Fortune has published its annual “The 100 Best Companies To Work For” (Milton Moskowitz and Robert Levering, March 15, 2015, pp. 97–154). In addition to providing its momentous list, Fortune includes commentary on the cutting-edge trends that play into the very concept of the list. Part of the reason that these companies are so great to work for is that they understand what the new business age requires, not just in keystrokes and widgets, but more importantly in heartbeats and passion. They are deeply aware of what computers can and cannot do as well as what people can and cannot do. On the one hand, the new business age recognizes that although data remains valuable, it is not the ultimate goal:
“Information, simple or complex, is instantly available online. Knowledge skills that must be learned—corporate finance, trigonometry, electrical engineering, coding—can be learned by anyone worldwide through online courses, many of them free. They can even be performed by a clever algorithm.” (p. 109)
On the other hand, the new business age demands that workers step above and beyond that data. Data will always be important. Information is always in demand. We have no argument on that. The open question however is will companies genuinely step up to the plate in meeting the challenges of this new day? It will require a different approach:
“More and more major employers are recognizing that they need workers who are good at team building, collaboration, and cultural sensitivity . . . [T]he most effective teams are not those whose members boast the highest IQs, but rather those whose members are most sensitive to the thoughts and feelings of others.”
This observation speaks to the centrality of culture for corporate success. If the workplace culture is great, then so too will the company be, but if the workplace culture is bad, then so too will the company be. Every single company on the 100 best workplaces list earned that standing fundamentally based on its workplace culture. This is good news for all those companies and those who are fast in the running to achieve that same distinction. However, the brightness of the winners reveals the paleness of the losers and their oftentimes-complete lack of understanding on how to win:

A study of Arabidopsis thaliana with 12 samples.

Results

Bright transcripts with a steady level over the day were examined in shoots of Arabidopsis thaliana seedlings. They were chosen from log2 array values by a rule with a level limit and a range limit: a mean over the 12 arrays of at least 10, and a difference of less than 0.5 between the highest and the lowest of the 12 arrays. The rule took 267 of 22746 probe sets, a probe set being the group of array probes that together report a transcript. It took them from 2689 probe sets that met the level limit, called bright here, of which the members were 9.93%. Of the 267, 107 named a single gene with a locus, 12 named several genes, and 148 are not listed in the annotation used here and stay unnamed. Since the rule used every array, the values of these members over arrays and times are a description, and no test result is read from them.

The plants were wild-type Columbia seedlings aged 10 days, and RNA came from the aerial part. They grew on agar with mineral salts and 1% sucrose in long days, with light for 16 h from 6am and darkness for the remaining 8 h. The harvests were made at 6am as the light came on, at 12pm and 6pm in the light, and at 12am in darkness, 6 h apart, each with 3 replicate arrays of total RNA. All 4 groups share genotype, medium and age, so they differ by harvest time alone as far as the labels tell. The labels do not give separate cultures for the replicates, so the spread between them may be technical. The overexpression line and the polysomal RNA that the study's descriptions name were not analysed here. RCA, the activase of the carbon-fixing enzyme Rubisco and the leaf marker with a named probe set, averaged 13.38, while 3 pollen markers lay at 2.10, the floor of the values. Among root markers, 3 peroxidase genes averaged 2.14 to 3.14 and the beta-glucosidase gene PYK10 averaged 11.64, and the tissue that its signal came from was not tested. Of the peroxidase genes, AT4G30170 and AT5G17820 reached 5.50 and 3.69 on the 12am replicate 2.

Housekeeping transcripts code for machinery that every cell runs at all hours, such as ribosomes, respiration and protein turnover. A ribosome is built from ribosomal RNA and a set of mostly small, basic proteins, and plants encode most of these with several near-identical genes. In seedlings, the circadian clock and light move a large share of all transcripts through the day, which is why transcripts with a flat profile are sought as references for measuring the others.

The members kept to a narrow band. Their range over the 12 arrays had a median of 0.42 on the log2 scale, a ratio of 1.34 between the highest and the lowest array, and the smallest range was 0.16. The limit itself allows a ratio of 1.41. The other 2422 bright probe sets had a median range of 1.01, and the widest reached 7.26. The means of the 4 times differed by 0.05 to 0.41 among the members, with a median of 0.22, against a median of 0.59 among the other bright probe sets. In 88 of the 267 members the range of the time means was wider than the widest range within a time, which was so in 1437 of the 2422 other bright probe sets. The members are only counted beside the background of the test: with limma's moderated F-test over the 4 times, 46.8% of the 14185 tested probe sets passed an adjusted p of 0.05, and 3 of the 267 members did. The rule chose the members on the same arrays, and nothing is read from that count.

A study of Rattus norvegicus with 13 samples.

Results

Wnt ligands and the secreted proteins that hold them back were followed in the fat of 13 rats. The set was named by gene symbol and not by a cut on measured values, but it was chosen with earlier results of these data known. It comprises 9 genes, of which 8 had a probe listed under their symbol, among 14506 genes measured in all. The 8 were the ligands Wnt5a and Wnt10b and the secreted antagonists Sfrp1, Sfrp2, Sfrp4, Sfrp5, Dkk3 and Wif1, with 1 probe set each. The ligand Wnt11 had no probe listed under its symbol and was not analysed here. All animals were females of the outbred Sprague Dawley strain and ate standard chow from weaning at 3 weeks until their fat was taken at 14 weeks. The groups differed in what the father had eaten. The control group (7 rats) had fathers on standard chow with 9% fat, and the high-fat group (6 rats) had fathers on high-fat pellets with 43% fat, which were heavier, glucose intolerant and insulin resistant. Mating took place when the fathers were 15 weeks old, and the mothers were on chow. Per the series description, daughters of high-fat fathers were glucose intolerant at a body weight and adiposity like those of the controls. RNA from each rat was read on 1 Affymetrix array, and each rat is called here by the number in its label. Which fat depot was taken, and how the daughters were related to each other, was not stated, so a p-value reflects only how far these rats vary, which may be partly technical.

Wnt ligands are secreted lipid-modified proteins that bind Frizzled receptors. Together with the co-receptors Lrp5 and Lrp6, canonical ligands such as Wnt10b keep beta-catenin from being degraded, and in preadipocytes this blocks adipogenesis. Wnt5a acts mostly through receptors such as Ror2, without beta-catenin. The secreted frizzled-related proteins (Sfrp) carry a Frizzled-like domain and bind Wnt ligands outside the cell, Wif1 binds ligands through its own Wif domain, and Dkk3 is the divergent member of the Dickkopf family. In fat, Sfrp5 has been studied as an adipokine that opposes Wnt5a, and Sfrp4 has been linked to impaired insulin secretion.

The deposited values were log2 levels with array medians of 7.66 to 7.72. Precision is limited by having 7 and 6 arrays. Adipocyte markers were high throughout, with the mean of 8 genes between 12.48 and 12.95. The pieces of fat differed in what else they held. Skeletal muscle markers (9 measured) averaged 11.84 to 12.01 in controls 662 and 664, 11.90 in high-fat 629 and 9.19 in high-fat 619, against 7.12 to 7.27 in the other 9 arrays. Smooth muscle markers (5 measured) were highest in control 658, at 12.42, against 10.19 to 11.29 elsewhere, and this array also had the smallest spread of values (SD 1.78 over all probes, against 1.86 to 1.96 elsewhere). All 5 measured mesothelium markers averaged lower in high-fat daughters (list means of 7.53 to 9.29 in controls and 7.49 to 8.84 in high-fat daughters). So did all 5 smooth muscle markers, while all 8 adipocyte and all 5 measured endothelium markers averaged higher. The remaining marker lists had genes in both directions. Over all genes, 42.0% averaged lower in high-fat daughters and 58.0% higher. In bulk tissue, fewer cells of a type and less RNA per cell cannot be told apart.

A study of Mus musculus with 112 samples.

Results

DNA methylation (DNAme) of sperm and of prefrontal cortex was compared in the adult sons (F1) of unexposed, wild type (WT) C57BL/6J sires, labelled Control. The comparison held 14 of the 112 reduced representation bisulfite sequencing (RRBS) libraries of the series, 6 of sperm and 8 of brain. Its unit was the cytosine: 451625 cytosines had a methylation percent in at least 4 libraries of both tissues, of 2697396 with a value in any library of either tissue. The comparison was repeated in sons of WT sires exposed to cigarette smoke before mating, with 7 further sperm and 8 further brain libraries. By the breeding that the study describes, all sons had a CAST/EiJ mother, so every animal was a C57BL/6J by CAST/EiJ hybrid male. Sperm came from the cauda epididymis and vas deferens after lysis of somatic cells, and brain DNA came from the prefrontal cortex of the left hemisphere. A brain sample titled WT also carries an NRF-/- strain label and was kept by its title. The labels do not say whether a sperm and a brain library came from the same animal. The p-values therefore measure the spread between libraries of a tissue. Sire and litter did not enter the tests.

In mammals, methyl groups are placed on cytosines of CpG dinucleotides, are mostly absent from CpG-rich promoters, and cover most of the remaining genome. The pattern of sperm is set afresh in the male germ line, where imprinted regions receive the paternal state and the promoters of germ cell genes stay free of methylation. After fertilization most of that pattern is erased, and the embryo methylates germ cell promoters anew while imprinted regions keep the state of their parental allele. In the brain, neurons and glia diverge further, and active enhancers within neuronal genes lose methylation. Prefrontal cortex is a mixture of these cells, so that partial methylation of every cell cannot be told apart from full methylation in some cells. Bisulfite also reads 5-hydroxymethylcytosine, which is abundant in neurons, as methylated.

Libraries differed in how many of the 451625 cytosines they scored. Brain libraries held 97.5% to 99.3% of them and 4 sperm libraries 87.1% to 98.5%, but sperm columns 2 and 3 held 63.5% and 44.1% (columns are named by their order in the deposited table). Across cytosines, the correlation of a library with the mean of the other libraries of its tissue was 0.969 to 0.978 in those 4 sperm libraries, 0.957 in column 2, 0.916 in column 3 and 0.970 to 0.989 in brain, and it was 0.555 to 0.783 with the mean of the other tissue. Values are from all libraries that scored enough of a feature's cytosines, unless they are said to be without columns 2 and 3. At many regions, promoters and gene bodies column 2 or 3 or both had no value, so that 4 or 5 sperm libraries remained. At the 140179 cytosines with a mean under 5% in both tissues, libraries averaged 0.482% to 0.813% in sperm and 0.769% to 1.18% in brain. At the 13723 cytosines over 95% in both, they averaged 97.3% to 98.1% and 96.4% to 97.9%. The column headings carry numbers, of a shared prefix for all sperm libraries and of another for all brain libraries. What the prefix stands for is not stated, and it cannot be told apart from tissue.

“More employers are seeing the connection from culture and relationships to workplace greatness to business success. Deloitte’s latest annual survey of 3,300 executives in 106 countries found that for the first time, top managers say culture is the most important issue they face, more important than leadership, workforce capability, performance management, or anything else. . . . Yet as employers increasingly grasp its importance, they also realize they have no clue where to begin in creating the culture they need.” (p. 110)
Well, that is a sad state of affairs! However, culture means behavior. Spreadsheets and products do not behave; people do. The people will make or break the company.
Those companies that genuinely want to achieve the levels of workplace greatness to which the 100 best companies attest must start with their people—every single one of them. If they do that, then they have a chance at creating and maintaining a marvelous corporate culture.